Amid the rush of attention that online education is getting from the tech world, universities, students and investors, a startup that focuses on content for brick-and-mortar classrooms has picked up more funding. Flashnotes — a Boston-based marketplace for college pupils to buy and sell study notes and other online help for specific courses — has raised a Series A of $3.6 million. It will be using the funds to expand its service across the U.S. to some 300 institutions in the next year; as well as to increase penetration in the schools where Flashnotes is already active.
The round was led by Stage 1 Ventures, with participation also from new investor Runa Capital, and existing investors SoftBank Capital and Atlas Ventures. For now, this is mainly a strategic investment, Mike Matousek, founder and CEO, tells me: there are no immediate plans to roll out Flashnotes either to Japan or with any of SoftBank’s other properties, or in Russia for that matter.
Some might scoff at how Flashnotes turns learning into a profiteering activity. Tapping into the fact that students are often looking for ways of making a little extra cash, Flashnotes promises users they can keep 70% of any purchase amounts (it keeps the other 30% for itself).
Typical prices are around $9 for a 20-page study guide, with the range between $1.99 and $63. The latter was a bundle of notes from a course, a final study guide in effect, for a marketing class at Ohio State University.
Since launching, the company has enabled WebRTC on its platform, which has opened Flashnotes up to including multimedia alongside notes, with video tutorials and more now also being added to the marketplace. And it has added integration to facilitate easier notes uploading — for example in an integration with Evernote. Matousek tells me that handwritten notes in PDF form remain the platform’s most popular kind of content.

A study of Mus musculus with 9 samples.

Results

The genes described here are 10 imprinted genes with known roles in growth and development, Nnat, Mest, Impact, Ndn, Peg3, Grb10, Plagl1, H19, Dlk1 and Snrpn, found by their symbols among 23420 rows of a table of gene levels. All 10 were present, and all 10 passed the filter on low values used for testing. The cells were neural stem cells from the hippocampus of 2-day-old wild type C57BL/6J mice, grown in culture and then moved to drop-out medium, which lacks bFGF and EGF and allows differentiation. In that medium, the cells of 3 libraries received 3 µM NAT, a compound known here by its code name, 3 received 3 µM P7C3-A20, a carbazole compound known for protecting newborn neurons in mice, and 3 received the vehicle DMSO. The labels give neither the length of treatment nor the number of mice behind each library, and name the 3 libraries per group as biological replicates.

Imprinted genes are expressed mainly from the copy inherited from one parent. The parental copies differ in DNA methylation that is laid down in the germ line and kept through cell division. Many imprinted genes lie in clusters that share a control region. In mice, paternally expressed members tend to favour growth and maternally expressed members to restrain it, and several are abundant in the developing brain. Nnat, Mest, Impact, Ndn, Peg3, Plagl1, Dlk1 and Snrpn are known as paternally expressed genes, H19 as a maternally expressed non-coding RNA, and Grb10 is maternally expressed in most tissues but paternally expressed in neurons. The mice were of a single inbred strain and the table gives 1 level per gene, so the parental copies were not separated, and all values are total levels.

Flashnotes encourages a sense of competition among those contributing content to the platform by publishing a leaderboard. (Current leader: “Tony2050” from Florida State University, who has earned $11,953.72 on Flashnotes.)
But there is a higher aim here, too, Matousek tells me. While the promise of a lot of online learning is to use the internet to help bridge the digital divide — online classes and textbooks being more economical than the physical experience — a lot of that industry is far from being mass-market, he believes.
“I’m a big fan of the concept of MOOCs, but we are talking about a wide shift being still decades away,” he says. “It’s amazing what they are doing to help immerse students, but I think it will ultimately be a hybrid approach between online and offline because students still need something tangible.”
Meanwhile, in the world of brick-and-mortar higher education dropout rates are at around 40%, Matousek says. Flashnotes believes that by offering students a way of getting extra help for particular classes, it will keep those students engaged in the work and keep from falling too far behind and then leaving completely.
Flashnotes has a limit to how it will let its platform be used, and also insists that it’s best used in combination with actually just turning up. “We have a zero tolerance for allowing exams to get posted, and for those who are simply buying notes and skipping class, you wouldn’t be getting much out of it anyway,” he explains. “This is a supplemental thing. That’s how we position it.”
There is, of course, competition for Flashnotes. Chegg, the online textbook rental company that went public in November 2013, has over the years gobbled up Cramster, another online platform designed for students to help each other with work, and P2P marketplace Student of Fortune. (Combined, the two now form Chegg Homework Help.) This seems to concentrate less on notes from specific classes and more on general expertise tutorials — possibly a more scalable concept but less directly relevant to specific classes.
Matousek, believes that what Flashnotes is providing is something that is more core to the experience of taking a specific class. “It’s not just a feature in a bigger platform, but a standalone opportunity,” he says. “There is a real need to improve the core learning experience.”